Home Latest News Azadi March Traffic Blockades Continue

Azadi March Traffic Blockades Continue

by Newsweek Pakistan

Courtesy JUIF

JUIF leaders claim P.M. Khan and his government will step down before they have to resort to a ‘Plan C’

Highways and major traffic arteries across Pakistan remained blocked by Jamiat Ulema-e-Islam (JUIF) protesters on Sunday, as the party vowed to continue its ‘Plan B’ until Prime Minister Imran Khan resigns.

Among the major roads that remain blocked by thousands of protesters are the Quetta-Chaman Highway, which has reduced the number of vehicles traveling to Afghanistan, and the Indus Highway Link Road in Bannu, which has slowed down traffic in the region.

The ‘Plan B,’ which was launched after the JUIF wrapped up its Azadi March sit-in in Islamabad, entered its fifth day on Monday. Provincial governments have deployed police and Rangers to ensure security, though the protesters are thus far maintaining peaceful demonstrations unlike similar protests of the past.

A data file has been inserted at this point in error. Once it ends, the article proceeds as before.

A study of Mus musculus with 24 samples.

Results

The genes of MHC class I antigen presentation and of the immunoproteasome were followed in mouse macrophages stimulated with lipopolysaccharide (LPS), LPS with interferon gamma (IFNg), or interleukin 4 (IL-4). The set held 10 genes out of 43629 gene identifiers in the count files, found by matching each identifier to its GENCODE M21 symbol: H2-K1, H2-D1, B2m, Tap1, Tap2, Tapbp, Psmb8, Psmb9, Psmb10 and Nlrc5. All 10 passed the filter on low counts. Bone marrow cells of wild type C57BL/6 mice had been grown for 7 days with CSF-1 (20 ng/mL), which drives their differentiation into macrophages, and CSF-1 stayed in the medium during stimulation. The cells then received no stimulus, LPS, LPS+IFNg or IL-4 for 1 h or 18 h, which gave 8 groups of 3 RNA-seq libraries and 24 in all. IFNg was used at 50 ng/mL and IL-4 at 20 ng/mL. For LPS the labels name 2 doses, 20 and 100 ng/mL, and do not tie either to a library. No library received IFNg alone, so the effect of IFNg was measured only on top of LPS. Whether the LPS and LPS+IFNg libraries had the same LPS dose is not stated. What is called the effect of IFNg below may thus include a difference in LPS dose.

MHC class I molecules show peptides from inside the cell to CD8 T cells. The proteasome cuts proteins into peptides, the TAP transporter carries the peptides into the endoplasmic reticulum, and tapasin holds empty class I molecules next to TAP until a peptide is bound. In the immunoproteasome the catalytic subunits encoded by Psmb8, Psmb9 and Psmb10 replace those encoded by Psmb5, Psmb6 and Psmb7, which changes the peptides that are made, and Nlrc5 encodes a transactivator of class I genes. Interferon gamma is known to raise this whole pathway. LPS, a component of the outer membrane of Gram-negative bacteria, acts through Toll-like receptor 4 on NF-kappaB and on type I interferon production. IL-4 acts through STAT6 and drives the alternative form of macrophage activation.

In Karachi, the Hub River Road connecting the Sindh capital to Balochistan remains blocked. There are similar, smaller blockades across Pakistan, including on the Grand Trunk Road, which remains vital to connecting trade routes nationwide.

In Khairpur, Sindh, JUIF leader Rashid Soomro hailed the ongoing protest movement as a success and assured the gathered supporters that the Pakistan Tehreek-e-Insaf-led government would soon have to step down. “We have many plans,” he said. “There is even a Plan Z! But the government will go before we even reach Plan C,” he added, according to local daily Express Tribune.

The Azadi March protests, led by JUIF leader Maulana Fazlur Rehman, are calling for the government to step down and have demanded fresh elections. Launched in Karachi on Oct. 27, they culminated in a two-week dharna in the federal capital before being expanded to cover the entire country through smaller sit-ins designed to block main highways. The PTI-led government had maintained it is willing to negotiate the demands, but will not discuss the matter of P.M. Khan’s resignation, leaving the sides in a persistent deadlock.